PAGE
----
Richard S. Lundin


It's important to keep a written record of your pain and suffering.  These are called your "general damages" or "non-economic damages."  Your journal should contain short statements about what hurts and how it has affected your life. For instance, an entry might read:  "6/1/12 - muscle spasms and pain in neck - woke up several times last night due to pain. Couldn't go to Six Flags with kids as scheduled."

This is very helpful evidence that we can use to establish your pain and suffering. "Pain and suffering" is the cash compensation you receive above and beyond your economic damages (e.g., medical bills and lost income). Other types of damages that you should record are inconveniences, anxiety, emotional distress and ways in which you've been unable to enjoy life as you normally did before your injury.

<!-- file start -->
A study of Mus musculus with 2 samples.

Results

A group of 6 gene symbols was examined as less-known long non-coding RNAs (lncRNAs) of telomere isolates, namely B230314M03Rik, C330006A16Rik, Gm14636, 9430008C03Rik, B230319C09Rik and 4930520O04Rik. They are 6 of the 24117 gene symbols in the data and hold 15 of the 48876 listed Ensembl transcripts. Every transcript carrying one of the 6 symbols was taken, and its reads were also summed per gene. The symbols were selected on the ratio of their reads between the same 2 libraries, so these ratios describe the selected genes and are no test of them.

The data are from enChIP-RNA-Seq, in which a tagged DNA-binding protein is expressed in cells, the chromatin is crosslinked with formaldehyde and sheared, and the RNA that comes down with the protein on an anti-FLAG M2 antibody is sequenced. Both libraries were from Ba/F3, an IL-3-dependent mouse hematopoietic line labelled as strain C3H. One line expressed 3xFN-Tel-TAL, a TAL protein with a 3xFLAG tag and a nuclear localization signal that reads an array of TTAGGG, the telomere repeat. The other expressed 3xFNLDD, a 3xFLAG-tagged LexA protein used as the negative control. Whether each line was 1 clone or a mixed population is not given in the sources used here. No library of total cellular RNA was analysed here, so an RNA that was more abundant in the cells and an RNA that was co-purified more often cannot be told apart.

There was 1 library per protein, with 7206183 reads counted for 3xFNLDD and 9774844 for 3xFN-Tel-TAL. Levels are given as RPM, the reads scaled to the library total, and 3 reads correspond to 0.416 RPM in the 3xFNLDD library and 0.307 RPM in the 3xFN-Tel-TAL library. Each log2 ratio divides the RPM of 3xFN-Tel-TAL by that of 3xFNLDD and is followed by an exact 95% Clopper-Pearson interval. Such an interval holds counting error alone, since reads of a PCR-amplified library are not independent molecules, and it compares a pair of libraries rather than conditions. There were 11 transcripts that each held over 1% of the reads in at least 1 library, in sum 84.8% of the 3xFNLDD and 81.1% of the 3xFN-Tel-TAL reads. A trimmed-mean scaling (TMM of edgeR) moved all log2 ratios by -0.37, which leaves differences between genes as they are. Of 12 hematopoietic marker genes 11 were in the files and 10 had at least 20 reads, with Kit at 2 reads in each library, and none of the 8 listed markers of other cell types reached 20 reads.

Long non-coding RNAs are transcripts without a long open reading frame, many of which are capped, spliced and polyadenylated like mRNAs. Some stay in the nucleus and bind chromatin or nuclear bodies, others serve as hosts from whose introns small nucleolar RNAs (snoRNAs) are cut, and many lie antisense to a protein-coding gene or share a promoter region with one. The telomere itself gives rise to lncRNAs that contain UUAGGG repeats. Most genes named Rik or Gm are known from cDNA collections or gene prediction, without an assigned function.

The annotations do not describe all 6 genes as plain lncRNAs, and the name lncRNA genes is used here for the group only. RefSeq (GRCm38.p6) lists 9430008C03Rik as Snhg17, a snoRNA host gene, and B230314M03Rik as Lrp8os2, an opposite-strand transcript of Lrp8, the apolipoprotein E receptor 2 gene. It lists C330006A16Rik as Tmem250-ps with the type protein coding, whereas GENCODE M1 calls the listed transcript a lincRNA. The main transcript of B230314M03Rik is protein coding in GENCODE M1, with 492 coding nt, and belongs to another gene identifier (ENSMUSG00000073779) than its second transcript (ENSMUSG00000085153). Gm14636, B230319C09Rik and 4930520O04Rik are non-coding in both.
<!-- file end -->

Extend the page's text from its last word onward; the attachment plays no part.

Tell your doctor how your injuries and pain have affected your life. For example, when the doctor asks how you're doing, you could say, "Well, doctor, not too well. My neck still hurts and the pain wakes me up several times at night and it's caused me to miss several events with kids."

Keep your journal with you, so you can write things down as they happen. A spiral-bound notebook is sufficient, which you can buy at any grocery or drug store.

Taking the time to write down your pain and suffering is part of your "job" to properly document your personal injury case for the insurance company.  Remember, though, whatever you write can be "discovered" by the insurance attorney in a lawsuit, so be careful what you say in your journal.